1. Play Katamari On Any Webpage

    Here’s me, making a dung ball of Wikipedia.

    Yes friends, the future we’ve been wanting is trickling in. Can’t guild the lily on this one so I’m just going to tell you how to get to the awesome.

    Using any HTML5-ready browser (I used the latest Safari but I imagine Chrome would work too, maybe Firefox 4) navigate to a page you want to roll up into a giant ball and then open a separate tab and navigate to here for instructions:


    When they say Address Bar, they mean the part where you put in the URL.

    Right mouse clicks guide the ever increasing ball and you need to click a lot. Be warned, though, that eventually the music kicks in.

  2. America is Not Broke: Michael Moore vs the Forbes 400

    Michael Moore hits on some salient points regarding whether or not we should screw the working class to eke out some money to fill budget gaps. In short, he’s against it. Watch the whole thing, though. It’s better than whatever else you could spend a half hour watching on E! or whatever.

    Moore was also kind enough to post the text of his speech on his site, if you’re in a hurry.

    What resonated with me was the statistic Moore cites about 400 Americans having more wealth than 50% of the rest of the country. Just so you don’t have to do that math, that’s .000001% versus 50%.

    If you’re into analogies, that’s one guy getting half the pizza, and 50,000,000 people splitting the rest.

    And it’s not like this is secret knowledge. These 400 people aren’t hiding underground in caverns filled with jewels and gold coins, drinking platinum smoothies. No, they are the mediocre gods we’ve made for ourselves and there are plenty of magazines all about how much we want to be them.We hear a lot about how great they are.

    Forbes, for interest. If you want to know exactly who those 400 are, how old they are, where they live, and get a hint at the source of most/some of their wealth, Forbes publishes a neat little list right here. It’s even got pictures so if you see them, you can ask them “Hey, why do you have more money than the cumulative worth of every one of my ancestors?”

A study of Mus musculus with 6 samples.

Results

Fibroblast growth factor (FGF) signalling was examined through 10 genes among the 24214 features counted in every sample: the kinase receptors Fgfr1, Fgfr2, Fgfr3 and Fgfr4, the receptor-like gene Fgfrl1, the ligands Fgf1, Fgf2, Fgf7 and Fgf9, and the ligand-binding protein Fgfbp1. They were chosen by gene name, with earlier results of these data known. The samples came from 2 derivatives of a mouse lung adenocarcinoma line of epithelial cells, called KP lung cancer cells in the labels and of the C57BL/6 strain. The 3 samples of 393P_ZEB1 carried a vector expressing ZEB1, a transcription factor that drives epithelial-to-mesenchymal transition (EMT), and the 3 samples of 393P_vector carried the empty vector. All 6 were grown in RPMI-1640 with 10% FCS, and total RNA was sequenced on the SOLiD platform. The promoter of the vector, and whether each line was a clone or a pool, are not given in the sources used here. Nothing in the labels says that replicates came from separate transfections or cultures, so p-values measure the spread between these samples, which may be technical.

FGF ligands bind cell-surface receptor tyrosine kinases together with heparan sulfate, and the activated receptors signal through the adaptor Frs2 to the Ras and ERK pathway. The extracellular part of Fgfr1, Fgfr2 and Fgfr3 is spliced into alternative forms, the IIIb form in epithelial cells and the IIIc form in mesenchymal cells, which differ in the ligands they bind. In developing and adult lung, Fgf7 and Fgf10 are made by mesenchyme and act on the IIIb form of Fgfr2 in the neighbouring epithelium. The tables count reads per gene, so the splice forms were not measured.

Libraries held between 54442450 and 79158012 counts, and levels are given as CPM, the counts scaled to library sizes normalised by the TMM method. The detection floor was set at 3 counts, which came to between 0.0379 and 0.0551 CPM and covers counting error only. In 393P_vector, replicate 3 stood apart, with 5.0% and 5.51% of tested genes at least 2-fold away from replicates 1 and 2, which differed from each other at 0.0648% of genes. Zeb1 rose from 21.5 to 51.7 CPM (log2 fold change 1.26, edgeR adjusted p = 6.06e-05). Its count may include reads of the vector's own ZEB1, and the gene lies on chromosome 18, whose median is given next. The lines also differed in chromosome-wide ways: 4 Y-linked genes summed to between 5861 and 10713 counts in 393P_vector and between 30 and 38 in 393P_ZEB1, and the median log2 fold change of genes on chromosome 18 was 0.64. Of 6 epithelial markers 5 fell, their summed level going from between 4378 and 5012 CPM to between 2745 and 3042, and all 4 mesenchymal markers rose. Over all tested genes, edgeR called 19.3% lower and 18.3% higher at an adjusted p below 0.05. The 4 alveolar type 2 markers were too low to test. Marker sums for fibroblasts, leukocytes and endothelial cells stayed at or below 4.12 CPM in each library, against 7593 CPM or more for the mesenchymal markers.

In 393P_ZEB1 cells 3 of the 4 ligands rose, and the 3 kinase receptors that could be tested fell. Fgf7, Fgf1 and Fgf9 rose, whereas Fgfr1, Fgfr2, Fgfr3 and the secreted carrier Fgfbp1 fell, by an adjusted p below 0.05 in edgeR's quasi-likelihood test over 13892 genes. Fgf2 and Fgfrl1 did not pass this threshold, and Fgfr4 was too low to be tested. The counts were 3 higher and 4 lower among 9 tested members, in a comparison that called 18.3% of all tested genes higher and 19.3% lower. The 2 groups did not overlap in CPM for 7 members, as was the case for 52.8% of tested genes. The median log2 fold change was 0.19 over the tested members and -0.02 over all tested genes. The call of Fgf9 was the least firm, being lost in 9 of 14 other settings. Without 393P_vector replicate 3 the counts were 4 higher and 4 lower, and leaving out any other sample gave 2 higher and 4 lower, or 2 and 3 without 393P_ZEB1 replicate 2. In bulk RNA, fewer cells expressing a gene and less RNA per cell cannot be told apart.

Good luck catching them on the street.

    The part we don’t talk about is this: their wealth comes from the difference between what we spend and what something is worth added to the difference between how much our labor is worth and what we get paid for it. By virtue of owning the right to take in profits and then distribute them back out to the little people, they get to keep whatever amount they want. And that amount (see the percentages above) is a very, very large amount.

    Not very hard math, just depressing. Now how about a raise, eh?

  3. Alternative 3: Lost SciFi Fake Documentary Gem

    In 1977 the Anglica Network canceled a weekly science program utilitarianly called Science Report. The series presented topical science coverage in a familiar format to those who have seen educational programs of the 1970’s (or parody Look Around You). Knowing the last episode would debut April 1, the production crew went out with a bang rather than a whimper.

    Using the same format and host, the program presented a fantastic tale of conspiracies, shadow governments, kidnapped scientists, secret space colonies, and eminent ecological apocalypse. If that sounds familiar, its because Roland Emmerich and others have ripped this off numerous times however Science Report does this masterfully. It even has a soundtrack by Brian Eno!

    If you enjoyed this you may like Get Your Secret Space Colony Fix in SciFi Video Form.